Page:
Detecting a binary pattern on a stream of data

I have a noise input on my arduino, is a phototransistor and since i cant control the light conditions where my circuit is, I consider the channel noise.

Using a resistor and some easy software filtering I transformed the analog input into digital just by evaluating if sensorValue is below some value the result is considered a 0, if not, a 1. The resulting value is concatenated to an string variable that is cleared if the length is more than 20.

So imagine that you have the variable textInput that grows over time like this:


and so... until the length is 20 and then the variable gets cleared. Well how do you search for a pattern?? I mean, I need to stop the program when the pattern "0110110" (or any other given sequence) appears, but i have no idea how to evaluate the stream of data,

What sort of pattern are you looking for?

You are sampling your input at fixed intervals, I guess. If you are looking for a signal generated by person walking by the sensor or something like that, it would be more useful to measure the timing between on->off and off->on transitions.

It is likely to be a useful technique to design a state-machine with transitions driven by your inputs to detect and match an anticipated pattern. There was a recent length thread about finite state machines that you could search for.

Can you please clarify the data type of the textinput variable ?
string or String ?

One method would be to examine each value as it arrives. If the first character received does not match the first character of the pattern that you are looking for, set a flag variable to false and look at the next character received. Once you get a match on the first character set the flag to true and move on to looking for a match on the second one and so on. If at any time there is not a match reset the index to the string to be found and the flag to false and start looking for a match again using the next character received and the first one of the target.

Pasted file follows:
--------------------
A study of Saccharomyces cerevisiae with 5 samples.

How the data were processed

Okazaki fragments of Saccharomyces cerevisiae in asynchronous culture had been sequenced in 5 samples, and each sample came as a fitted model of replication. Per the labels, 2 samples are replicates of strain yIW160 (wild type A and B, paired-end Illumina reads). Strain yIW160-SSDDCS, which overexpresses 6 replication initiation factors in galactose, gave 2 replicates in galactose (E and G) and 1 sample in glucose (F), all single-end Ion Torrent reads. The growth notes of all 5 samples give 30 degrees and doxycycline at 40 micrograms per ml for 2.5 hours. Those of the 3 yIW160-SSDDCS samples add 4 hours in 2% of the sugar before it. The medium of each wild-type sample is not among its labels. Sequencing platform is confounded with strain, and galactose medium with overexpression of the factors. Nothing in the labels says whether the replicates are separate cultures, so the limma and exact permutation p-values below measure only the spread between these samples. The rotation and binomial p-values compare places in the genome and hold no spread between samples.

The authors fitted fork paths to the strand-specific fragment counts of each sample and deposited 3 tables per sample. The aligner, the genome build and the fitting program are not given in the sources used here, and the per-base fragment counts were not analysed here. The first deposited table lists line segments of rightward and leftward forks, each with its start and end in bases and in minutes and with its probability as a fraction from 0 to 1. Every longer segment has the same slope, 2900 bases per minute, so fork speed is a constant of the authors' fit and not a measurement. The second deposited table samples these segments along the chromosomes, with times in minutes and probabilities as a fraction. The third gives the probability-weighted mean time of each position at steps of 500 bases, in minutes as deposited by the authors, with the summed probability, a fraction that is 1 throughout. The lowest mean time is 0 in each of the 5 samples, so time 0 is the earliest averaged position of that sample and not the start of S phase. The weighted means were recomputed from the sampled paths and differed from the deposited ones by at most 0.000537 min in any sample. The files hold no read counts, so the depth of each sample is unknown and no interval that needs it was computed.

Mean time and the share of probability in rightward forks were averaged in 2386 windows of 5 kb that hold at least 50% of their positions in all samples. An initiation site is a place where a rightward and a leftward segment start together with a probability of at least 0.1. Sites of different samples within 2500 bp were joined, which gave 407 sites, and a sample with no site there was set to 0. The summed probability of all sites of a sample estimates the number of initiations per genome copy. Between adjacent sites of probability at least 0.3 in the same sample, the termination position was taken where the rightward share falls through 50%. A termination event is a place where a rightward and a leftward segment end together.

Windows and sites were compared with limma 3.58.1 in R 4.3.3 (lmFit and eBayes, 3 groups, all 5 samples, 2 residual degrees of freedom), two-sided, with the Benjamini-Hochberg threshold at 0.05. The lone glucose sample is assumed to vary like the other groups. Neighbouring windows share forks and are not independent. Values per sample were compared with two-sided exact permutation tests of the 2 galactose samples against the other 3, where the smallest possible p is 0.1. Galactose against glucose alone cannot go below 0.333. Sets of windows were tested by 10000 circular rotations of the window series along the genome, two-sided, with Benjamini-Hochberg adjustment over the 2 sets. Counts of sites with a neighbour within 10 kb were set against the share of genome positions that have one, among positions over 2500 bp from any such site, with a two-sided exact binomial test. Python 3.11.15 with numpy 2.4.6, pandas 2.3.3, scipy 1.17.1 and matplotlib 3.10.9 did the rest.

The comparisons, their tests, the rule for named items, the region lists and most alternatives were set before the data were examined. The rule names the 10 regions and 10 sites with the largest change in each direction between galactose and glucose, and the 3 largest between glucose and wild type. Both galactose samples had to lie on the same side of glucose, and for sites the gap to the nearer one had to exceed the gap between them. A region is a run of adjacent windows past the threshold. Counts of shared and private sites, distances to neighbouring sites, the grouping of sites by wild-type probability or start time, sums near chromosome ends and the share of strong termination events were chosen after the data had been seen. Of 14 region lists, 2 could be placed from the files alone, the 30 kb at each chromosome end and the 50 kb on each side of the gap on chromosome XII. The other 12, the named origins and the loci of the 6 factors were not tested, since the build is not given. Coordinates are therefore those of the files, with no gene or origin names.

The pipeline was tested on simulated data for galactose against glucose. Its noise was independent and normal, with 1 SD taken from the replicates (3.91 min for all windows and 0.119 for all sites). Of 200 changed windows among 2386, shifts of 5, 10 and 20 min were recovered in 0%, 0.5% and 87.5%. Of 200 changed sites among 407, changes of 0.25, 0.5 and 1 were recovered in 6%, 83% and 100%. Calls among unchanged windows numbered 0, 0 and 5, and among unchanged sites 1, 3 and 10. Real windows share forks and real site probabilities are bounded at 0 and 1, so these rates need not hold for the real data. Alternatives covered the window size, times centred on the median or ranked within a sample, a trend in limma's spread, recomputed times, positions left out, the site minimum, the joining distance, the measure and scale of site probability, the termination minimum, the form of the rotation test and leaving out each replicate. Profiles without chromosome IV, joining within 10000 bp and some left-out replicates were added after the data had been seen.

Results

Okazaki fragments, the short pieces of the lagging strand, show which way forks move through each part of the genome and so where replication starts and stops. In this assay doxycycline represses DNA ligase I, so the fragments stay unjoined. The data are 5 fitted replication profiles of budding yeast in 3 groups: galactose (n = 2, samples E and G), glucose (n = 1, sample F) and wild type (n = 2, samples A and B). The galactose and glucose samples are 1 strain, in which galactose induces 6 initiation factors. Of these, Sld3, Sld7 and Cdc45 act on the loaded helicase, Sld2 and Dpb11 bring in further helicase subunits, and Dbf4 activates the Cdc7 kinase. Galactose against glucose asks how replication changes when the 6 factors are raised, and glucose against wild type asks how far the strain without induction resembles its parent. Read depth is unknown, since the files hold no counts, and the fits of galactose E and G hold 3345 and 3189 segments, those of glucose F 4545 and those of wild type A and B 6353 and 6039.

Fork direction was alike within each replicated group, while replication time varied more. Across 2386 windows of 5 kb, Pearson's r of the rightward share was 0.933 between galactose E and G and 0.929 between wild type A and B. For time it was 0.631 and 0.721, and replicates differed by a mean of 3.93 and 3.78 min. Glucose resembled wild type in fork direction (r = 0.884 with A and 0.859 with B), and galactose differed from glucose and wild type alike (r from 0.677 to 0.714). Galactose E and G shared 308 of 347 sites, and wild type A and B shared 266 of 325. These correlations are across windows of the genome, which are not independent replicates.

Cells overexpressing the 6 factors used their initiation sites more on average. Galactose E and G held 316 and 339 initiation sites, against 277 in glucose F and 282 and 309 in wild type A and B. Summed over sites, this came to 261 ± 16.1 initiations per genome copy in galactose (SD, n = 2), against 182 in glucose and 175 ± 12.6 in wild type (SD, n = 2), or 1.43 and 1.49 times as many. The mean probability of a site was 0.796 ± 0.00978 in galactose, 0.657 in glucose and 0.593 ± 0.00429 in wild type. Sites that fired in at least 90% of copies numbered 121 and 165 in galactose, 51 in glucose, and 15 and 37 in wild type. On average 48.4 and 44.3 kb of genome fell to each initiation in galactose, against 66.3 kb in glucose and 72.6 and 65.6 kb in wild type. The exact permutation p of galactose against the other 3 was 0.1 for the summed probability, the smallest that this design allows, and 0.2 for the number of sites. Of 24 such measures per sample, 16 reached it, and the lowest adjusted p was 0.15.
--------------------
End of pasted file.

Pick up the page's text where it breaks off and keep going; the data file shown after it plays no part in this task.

If you reach the end of the target string you have found a match on the whole string.

I don't understand the purpose of this pattern matching, but the approach you're using could be improved. To start with I suggest using a circular buffer rather than a linear buffer that is flushed. This means that you can resume pattern matching based on historical data if a potential match eventually fails. To be completely general, the circular buffer needs to be long enough to hold the longest data sequence that you need to match.

To do the match, you would have a 'read cursor' into the circular buffer which points to the the element you're considering as the start of a potential match. Have a variable which records how many subsequent elements in the buffer match your pattern (i.e. in textual terms it's the 'strlen()' of the matching segment). Each time a new character is available in the buffer, if it matches the pattern you increment the match count - if that reaches the length of your pattern then you have found a match. If your next element doesn't match the pattern then reset the match count to zero, advance the read cursor by one element and start again. In effect it's a finite state machine where the 'state' is the number of characters matching so far.

If you don't want the pattern matching to be able to restart matching without losing historical data then you can get rid of the circular buffer and just have a state machine where the state represents the number of matching bytes so far, and update the state machine each time a new character becomes available.

Thanks to UKHeliBob and PeterH, both of you gave a good idea!